Most people know the importance of setting good financial habits and practicing these habits to reach their short- and long-term life goals. However, a common mistake many people make when deciding to improve their financial lives is getting overly ambitious. They may try to follow too many habits and struggle to maintain these financial habits.
What’s the solution to this recurring issue? Tanya Peterson, vice president of brand with Freedom Financial Network, said to start with choosing just one or two habits. Here are seven financial habits you can set, and follow, each day to improve your overall financial health.
Make the most of the money you’re saving
There’s no reason to settle for average when it comes to your savings and doing so could set you back because it will put you on a slower path to your financial goals. Take the time to look at different options so you can be sure your savings account is the right one for your specific financial situation.
PenFed’s Premium Online Savings account* is a fantastic option to maximize your savings. The account features a 0% APY (Annual Percentage Yield) that is more than 10X the national average of 0.10%**, helping you grow your savings faster.
Like other PenFed products, this account also excels in the details. There are no monthly maintenance fees, you need just a $5 minimum to open an account, and you get free online transfers.
PenFed can offer such a high APY because it is a not-for-profit and owned by its members. Everyone is eligible to become a PenFed member and take part in the accompanying benefits like member discounts on a wide range of products and services from oil changes to home insurance.
*Federally Insured by NCUA. To receive any advertised product, you must become a member of PenFed Credit Union.
**The rate for our Premium Online Savings Account is over 10X the national average of 0.10% APY, based on the national average of savings accounts rates published in the FDIC Weekly National Rates and Rate Caps accurate as of July 18, 2022.
Pay Bills on Time
You might already be practicing this financial habit on a regular basis! Make bill payments on time. Peterson said you can do this by setting up a system. Consider using an app, online calendar or a paper file on your desk that you’ll use consistently to make timely bill payments.
Check Accounts Daily
How much do you have in checking and savings? Valerie Moses, senior relationship manager at Addition Financial, said to get into the habit of checking your accounts each day.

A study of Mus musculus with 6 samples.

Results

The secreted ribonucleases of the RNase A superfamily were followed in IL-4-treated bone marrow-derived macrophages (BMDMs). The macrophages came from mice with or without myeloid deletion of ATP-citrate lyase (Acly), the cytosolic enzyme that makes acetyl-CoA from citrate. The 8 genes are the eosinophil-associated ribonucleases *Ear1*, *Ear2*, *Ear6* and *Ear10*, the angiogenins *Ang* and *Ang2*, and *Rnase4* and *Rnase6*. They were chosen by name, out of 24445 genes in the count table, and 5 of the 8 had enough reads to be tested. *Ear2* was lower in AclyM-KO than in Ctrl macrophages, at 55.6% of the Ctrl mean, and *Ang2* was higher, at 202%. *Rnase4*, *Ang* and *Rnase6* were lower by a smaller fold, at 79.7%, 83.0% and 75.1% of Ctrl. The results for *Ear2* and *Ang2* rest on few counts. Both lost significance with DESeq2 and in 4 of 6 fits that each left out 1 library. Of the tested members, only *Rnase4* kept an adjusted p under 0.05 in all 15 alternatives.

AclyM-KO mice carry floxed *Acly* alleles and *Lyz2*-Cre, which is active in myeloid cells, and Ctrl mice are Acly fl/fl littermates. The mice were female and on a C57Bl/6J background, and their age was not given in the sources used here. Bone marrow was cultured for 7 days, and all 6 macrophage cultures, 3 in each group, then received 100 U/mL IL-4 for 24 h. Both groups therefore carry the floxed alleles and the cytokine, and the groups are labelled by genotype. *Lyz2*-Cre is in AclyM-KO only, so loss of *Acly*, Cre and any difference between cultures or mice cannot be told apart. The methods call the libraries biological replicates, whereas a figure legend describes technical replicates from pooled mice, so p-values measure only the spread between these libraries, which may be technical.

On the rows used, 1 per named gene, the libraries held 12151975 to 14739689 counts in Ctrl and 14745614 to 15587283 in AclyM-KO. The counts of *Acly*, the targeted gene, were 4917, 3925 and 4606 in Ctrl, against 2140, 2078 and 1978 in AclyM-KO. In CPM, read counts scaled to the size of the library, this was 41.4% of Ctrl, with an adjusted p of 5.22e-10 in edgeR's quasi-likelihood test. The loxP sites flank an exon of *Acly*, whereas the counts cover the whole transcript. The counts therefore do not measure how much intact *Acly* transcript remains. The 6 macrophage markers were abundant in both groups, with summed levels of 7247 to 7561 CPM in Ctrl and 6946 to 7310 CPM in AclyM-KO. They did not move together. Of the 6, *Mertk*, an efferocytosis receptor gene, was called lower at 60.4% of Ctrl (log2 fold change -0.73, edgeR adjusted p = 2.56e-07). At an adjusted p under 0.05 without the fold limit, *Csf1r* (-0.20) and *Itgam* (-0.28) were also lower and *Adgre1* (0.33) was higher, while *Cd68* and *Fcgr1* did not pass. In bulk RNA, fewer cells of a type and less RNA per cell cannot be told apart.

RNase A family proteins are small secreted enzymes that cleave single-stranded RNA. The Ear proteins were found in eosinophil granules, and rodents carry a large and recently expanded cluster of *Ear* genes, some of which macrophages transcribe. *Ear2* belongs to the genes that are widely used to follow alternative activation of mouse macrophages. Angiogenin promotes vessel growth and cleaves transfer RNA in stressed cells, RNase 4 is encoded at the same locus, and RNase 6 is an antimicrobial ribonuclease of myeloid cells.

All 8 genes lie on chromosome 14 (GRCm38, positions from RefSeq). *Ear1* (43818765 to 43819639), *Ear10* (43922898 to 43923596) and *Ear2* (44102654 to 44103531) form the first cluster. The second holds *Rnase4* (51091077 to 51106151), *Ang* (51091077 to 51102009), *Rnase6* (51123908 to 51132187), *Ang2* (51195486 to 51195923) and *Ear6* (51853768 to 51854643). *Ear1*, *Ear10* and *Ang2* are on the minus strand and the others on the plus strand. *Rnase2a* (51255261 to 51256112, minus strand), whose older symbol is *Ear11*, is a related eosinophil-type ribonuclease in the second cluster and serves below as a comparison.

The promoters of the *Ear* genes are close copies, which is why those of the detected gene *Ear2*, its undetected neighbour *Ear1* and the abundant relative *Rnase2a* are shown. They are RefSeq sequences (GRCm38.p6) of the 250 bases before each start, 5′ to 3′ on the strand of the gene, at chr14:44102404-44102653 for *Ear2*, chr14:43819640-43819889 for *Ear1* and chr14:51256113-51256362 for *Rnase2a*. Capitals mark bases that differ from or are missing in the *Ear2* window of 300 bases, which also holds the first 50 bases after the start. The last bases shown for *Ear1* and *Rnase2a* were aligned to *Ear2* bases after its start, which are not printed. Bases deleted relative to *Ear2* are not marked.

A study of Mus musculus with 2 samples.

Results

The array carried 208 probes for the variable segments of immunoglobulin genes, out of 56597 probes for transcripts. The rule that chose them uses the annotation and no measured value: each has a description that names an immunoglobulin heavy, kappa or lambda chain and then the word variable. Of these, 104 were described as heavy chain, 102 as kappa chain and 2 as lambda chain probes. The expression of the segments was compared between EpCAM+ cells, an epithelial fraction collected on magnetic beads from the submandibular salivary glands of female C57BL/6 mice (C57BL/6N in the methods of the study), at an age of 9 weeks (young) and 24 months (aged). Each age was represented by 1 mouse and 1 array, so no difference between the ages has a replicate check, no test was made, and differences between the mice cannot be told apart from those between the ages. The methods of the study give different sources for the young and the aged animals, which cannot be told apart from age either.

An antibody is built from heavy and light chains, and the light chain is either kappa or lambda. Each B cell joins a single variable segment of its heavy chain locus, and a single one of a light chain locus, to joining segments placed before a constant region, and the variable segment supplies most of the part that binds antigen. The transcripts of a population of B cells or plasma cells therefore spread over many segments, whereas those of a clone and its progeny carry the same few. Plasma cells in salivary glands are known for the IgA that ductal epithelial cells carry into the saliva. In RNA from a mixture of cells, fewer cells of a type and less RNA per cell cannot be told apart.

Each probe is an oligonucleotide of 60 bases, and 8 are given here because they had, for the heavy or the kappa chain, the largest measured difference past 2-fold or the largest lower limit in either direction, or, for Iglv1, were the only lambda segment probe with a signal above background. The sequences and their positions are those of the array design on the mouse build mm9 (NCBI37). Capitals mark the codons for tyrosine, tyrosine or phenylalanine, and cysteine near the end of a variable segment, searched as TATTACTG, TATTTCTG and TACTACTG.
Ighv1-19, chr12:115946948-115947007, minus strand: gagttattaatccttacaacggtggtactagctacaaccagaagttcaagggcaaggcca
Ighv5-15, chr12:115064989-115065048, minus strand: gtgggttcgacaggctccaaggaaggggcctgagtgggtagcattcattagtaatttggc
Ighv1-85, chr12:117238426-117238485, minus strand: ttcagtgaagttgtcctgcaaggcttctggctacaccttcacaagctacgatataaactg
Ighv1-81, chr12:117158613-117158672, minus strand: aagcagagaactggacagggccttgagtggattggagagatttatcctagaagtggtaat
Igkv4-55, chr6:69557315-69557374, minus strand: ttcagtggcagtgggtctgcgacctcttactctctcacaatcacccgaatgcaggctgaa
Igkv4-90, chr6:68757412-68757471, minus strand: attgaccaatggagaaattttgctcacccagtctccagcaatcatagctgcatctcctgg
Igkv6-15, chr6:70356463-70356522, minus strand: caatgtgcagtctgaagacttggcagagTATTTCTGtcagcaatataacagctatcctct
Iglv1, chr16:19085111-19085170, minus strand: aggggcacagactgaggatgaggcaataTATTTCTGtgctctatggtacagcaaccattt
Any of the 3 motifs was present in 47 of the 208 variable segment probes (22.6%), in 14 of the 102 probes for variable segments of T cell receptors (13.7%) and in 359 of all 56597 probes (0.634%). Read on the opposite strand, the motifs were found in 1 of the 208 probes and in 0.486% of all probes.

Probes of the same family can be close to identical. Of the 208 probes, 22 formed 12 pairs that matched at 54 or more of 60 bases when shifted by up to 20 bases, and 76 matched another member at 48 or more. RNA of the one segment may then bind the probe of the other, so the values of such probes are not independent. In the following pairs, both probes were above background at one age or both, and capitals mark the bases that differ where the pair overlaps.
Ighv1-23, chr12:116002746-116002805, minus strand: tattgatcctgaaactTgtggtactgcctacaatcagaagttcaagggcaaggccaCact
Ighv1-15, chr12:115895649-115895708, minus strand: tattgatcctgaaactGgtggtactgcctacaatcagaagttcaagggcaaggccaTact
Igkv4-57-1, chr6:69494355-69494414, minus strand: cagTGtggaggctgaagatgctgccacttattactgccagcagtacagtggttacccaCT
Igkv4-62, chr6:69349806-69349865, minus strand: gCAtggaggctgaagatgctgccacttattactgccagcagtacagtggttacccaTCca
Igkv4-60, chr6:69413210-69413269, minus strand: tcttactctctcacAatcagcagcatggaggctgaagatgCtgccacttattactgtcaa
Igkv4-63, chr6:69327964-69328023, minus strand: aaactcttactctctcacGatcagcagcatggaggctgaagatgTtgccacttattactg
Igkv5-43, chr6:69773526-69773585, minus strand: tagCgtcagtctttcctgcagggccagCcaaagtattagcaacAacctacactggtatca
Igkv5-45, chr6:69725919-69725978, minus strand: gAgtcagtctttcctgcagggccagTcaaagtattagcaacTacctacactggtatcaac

There are a few benefits to checking in daily. Moses said you’ll know how much money is available at all times and will be able to avoid overdrawing your accounts. It’s also an easy way to detect any fraud that may have taken place. If you believe something has happened, Moses said you can stop it in its tracks and mitigate its effects. It’s also easier than ever to keep an eye on our finances by using online and mobile banking apps.
Practice Habit Stacking
What is habit stacking and what does it have to do with personal finance? Alvin Carlos, financial planner at District Capital Management, said habit stacking is the practice of attaching a financial habit with an existing habit. This helps you to stay focused on the financial habit.
Carlos uses the example that you may check your finances after going for a weekend run or after having coffee on Saturday morning. He also recommends adding a recurring event in your calendar that allows you to review your finances once a month.
Create and Stick To a Budget
If you don’t already have a budget, it’s time to create one. If you do have a solid budget, continue to keep using it. Moses said that creating and sticking to a budget is one of the best financial habits anyone can implement.
Look For Small Ways To Save
Amid inflation and rising cost-of-living expenses, Peterson recommends looking for small ways to save money. Think washing clothes in cold water instead of hot water and creatively making a few meals using what you have in your pantry and refrigerator instead of running out to the store.
“Perhaps small things will seem insignificant, but getting in this habit develops smart spending,” Peterson said. “Small things will add up — and you might find you’re eating and living healthier, too.”
Set Financial Goals
Financial habits made to stick require purpose. Once you know which financial habits you’d like to start using and you’re able to follow through with these habits, Peterson recommends taking time and effort to determine how these habits will allow you to reach short- and long-term financial goals. This includes retiring at a certain age, going on vacation, having time to pursue a hobby or buying a new TV.
Moses said that keeping financial goals in mind also makes it easier to avoid impulse purchases and stick to your budget. Financial goals not only improve your daily life, but set you up for success in the future.
“Once you focus on what you want to do in life, creating the saving and spending habits that will get you there will become infinitely easier,” Peterson said.